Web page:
Who said "the best-laid plans of mice and men often go astray"? Doesn't matter. What matters is that agencies and brands are whipsawing during COVID-19 from one day to the next, trying to manage their way to profitability as the crisis unfolds.
A lively panel discussion on Day One of MediaPost's TV & Video Insider Summit heard a pet food marketer and two agency operatives acknowledge the difficulty in planning during uncertainty.
MacKenzie Magner, Associate Director, Media at T3, said the agency has moved away from full-year, half-year and even quarterly plans. "It's month to month," he said. "We're reacting to what's going on. Three weeks ago, the conversation was that states were beginning to open up. Now, a lot of states are going back to shutdown so we need to double down on the online ordering business gain. We're playing it by ear."
Clients need to do a risk assessment as it relates to the upfront, said Michele Toller, VP Media at Empower. "Are they comfortable investing $7 million in the upfront? Our belief is that marketers need the ability to react to business."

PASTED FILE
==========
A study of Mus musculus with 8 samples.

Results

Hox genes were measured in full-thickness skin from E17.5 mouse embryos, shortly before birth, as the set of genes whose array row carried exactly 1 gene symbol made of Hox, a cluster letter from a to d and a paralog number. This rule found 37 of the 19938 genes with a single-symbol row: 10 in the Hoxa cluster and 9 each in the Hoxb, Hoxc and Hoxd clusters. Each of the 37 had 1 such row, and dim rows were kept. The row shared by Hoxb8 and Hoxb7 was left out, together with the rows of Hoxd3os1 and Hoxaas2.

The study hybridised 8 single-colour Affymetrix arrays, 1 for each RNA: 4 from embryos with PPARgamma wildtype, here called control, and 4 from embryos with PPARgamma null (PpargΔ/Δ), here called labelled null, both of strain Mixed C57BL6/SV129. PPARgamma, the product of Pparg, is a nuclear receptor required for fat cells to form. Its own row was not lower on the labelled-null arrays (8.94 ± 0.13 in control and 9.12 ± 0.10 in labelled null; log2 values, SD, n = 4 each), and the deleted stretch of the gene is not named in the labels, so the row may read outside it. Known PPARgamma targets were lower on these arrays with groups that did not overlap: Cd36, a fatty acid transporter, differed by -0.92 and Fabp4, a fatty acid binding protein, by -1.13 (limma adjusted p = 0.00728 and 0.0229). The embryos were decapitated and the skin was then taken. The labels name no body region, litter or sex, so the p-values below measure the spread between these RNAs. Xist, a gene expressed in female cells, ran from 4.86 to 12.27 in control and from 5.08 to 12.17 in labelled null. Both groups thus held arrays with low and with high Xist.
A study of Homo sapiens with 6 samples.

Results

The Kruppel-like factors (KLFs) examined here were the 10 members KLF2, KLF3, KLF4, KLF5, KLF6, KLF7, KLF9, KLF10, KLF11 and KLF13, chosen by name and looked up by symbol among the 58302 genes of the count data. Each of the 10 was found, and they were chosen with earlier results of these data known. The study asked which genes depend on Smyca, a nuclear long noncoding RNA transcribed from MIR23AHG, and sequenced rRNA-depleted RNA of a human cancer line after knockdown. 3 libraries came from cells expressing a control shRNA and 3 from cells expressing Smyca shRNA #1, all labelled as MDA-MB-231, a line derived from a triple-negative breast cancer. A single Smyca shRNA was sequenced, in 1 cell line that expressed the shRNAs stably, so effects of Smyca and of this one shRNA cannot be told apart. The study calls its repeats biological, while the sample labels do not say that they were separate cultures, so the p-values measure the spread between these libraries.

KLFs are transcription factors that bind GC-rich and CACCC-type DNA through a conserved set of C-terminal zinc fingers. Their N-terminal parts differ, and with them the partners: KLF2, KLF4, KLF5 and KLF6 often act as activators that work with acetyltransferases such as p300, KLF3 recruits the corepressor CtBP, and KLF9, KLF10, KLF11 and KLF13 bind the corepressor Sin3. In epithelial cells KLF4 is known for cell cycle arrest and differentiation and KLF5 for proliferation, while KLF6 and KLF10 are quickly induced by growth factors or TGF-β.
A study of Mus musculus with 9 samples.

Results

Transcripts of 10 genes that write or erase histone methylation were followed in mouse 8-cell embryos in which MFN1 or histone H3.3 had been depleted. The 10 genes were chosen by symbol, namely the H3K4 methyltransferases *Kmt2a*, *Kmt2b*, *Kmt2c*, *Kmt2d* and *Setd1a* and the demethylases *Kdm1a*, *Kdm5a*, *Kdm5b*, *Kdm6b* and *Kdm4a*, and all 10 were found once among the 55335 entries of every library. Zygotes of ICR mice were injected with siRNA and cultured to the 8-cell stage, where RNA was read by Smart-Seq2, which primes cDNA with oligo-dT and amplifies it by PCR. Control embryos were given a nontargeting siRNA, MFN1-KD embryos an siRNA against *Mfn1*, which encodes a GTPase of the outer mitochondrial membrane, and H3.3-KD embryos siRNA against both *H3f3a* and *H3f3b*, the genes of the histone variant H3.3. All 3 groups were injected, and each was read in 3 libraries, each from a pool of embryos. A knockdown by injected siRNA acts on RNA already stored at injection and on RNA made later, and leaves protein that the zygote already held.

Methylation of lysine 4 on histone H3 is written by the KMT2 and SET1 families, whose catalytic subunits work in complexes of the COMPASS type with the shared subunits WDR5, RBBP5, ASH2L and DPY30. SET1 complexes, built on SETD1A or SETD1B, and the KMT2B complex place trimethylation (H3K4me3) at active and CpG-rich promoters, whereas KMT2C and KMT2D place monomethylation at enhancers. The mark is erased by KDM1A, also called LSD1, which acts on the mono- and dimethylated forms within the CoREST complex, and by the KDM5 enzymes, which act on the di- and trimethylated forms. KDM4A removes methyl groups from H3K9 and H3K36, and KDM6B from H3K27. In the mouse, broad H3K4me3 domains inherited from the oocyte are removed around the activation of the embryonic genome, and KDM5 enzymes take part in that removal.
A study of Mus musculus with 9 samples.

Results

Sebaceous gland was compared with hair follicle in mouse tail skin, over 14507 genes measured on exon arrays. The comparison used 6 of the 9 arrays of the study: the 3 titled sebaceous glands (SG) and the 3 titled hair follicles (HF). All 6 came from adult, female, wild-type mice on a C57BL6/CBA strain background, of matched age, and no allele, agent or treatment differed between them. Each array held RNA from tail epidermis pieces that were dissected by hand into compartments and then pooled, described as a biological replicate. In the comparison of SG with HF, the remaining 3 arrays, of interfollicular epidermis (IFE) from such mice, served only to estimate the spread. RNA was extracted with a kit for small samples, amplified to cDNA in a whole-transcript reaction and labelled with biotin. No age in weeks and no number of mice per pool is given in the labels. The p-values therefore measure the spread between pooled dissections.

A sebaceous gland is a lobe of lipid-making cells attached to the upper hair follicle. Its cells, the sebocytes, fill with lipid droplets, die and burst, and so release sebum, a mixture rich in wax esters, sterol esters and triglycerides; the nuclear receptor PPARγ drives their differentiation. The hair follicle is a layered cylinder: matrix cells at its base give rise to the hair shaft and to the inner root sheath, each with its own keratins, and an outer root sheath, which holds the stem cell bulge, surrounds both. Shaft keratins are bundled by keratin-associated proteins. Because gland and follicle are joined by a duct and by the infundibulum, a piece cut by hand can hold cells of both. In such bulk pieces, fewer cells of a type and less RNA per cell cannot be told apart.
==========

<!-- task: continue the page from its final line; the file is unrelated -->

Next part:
Freshpet's John Speranza, Senior VP of Marketing, echoed them both. "We're working on a quarterly basis. At what point do you want to be quick to market to get attention? The risk/reward is significant. It's a discussion we're continuing to have. For now, we'll do what works and wait and see how October, November and December unfold."
Speranza did say that the current environment is a good one for testing and learning. "What we've noticed is that on OTT and CTV, Freshpet is being placed in certain program and genres. On the linear side, we overweighted other things. We're broadening our audience."
Magner, who handles a portfolio of QSR clients, is sharing with his OTT partners data on who is visiting QSRs in the last six months. "It helps, qualifying our audience," he said. "We're not casting a huge net. We can identify prospects. It may be a $4 higher CPM for OTT, especially as inventory is cheaper, but we are definitely okay with that."
"Our perspective [on OTT] has changed," said Speranza. "There's a lot of overlap, we realize. Light TV viewers are also in the OTT space. We used to plan it separately. Now, we are viewing the world as one holistic approach to video."